Waiting is almost at an end! Decisions are about to come out on the following schedule:
Independent schools in San Francisco that are members of ISSFBA will email or upload decisions on March 19, 2020 for K-8 and March 10th for preK/TK. Decisions will be due in the form of online contracts and deposits by March 26th for K-8 and March 17th for preK/TK. You will receive either an admission, a wait pool, or a rejection in this letter.
SFUSD will mail by USPS a school assignment for round one for TK-12 on March 20, 2020, and most families will receive them on Monday, March 23rd or Tuesday, March 24th. On Wednesday, March 25th, you may pick up an assignment letter at the EPC at 555 Franklin Street. To keep your public school assignment, you must register at the school between March 23rd and March 27th or April 6th and April 10th (ie spring break is excluded, even if a camp rents the site).
Creative Arts Charter released its lottery results on SchoolMint on March 6, 2020. You received either an admission or a waitlist number. Due to sibling priorities, your waitlist number could change as twins/siblings will be moved up in the list as parents register. You must accept the placement on SchoolMint to keep the slot.
New School will release lottery results on SchoolMint on March 16, 2020, and responses are due on April 10th. Due to new tiebreakers, few families not in the free and reduced lunch income category will receive a placement. You will receive either an admission or a waitlist number. You must accept a placement on SchoolMint to keep the slot.
Parochial schools and independent schools that are not members of ISSFBA release on their own schedule, meaning many already sent their decisions or continue to send on a rolling basis.
What does this mean for you?
You will have all your initial decisions from public, private, and charter schools before the independent school and SFUSD decision deadline. Some families will receive many offers (public, charter, and private), while others might receive only a public school that was not on their list. To be a good citizen, please do not hold more than one school, including public, private, and charter. If you register at a public school and later withdraw, the district sometimes fails to remove you from the registry until the first day of school, and that spot is not available to other families. Likewise, if you hold a charter and a public, or an independent, public and charter, that means fewer spots are available to other families who are trying to make their own decisions.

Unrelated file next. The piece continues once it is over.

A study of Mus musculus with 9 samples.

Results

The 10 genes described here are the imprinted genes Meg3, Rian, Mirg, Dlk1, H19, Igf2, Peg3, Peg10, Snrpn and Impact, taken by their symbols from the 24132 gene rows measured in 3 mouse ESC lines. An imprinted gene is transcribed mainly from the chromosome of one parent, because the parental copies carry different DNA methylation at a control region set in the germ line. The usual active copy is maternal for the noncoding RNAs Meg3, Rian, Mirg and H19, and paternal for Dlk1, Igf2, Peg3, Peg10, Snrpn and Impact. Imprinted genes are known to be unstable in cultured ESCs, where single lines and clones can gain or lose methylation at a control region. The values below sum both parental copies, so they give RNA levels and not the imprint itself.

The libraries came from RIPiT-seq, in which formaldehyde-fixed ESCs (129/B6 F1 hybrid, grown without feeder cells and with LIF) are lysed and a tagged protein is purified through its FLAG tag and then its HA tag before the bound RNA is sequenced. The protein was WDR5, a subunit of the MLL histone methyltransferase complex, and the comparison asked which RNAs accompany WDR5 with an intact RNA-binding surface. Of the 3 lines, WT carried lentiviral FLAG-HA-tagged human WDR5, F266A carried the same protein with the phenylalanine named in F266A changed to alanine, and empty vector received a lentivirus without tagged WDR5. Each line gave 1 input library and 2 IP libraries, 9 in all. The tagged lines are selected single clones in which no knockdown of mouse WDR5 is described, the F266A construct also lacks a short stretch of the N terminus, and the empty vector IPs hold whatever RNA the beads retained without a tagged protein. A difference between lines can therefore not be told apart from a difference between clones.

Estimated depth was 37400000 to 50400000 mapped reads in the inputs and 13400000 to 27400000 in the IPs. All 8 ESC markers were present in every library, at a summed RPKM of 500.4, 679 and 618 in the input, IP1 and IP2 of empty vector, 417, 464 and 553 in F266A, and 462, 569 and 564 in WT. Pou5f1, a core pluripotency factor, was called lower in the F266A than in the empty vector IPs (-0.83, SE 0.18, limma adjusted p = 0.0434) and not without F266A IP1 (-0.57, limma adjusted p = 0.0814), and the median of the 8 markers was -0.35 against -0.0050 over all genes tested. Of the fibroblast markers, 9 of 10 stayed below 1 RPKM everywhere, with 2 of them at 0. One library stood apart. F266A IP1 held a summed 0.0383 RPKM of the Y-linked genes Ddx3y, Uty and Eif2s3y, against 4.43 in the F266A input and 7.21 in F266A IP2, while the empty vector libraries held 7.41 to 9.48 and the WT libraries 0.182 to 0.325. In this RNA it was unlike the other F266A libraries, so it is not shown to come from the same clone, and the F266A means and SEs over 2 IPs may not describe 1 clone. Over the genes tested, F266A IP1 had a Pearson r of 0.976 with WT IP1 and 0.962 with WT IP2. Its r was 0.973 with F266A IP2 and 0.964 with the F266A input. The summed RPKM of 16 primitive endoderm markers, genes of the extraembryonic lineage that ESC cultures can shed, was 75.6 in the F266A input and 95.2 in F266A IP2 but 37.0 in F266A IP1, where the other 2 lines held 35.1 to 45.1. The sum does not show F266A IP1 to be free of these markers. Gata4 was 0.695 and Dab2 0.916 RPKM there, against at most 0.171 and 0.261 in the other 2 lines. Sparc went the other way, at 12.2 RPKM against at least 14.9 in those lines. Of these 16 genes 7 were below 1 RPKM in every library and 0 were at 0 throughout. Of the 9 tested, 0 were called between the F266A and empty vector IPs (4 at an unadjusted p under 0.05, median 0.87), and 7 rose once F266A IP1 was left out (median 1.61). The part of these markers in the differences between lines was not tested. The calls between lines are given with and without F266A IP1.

If you have multiple offers, and some rise to the top of your list, please decline the others immediately to free them up for other families. Quite often, it will be two schools that have your largest attention, and the rest might be less of a fit for you. Read my blogs about choosing an elementary school or middle school. If you applied for financial aid, read the offers carefully, as each school assesses need differently. If you have questions about the offers, whether about the school or the financial aid offer, reach out to the admissions office. Sometimes, for instance, if you were not granted aid, and you can demonstrate need, they may find more budget during decision week.
If you have no offers that you are willing to accept, take some time from the process and remember that those who have multiple offers can only attend one school.
If you prefer private, there will be some spots opening from wait pools, although this number varies year-to-year and school-to-school. Now is a great time to send an email to admissions to reiterate your interest; only send one first choice letter as they do speak with each other. Most movement is within the week before deposits are due. If you have no offers by the end of this week, reiterate your interest to any school that has your child on its wait pool and pursue public schools and rolling admissions private schools in the interim.
If you prefer public, and you like your assignment, even if it's not your first choice, register before the deadline. If you are unhappy with the assignment, there are multiple rounds to come. Keep in mind that using a private school as your backup can be quite expensive as there is not only the deposit, but, depending on the school, the full year’s tuition is typically due before SFUSD releases round 2 assignments. Instead, as a free backup, find a public school that might work for you but is less popular. There are always public schools that open spots if you are patient and flexible on which school to attend. I’ll issue another post on round 2 strategy next week; round 2 applications are due on April 10th.
Need more help?
Vicky consults with families to help select public and private schools in San Francisco in an environment of non-judgment. Email to learn more about her services.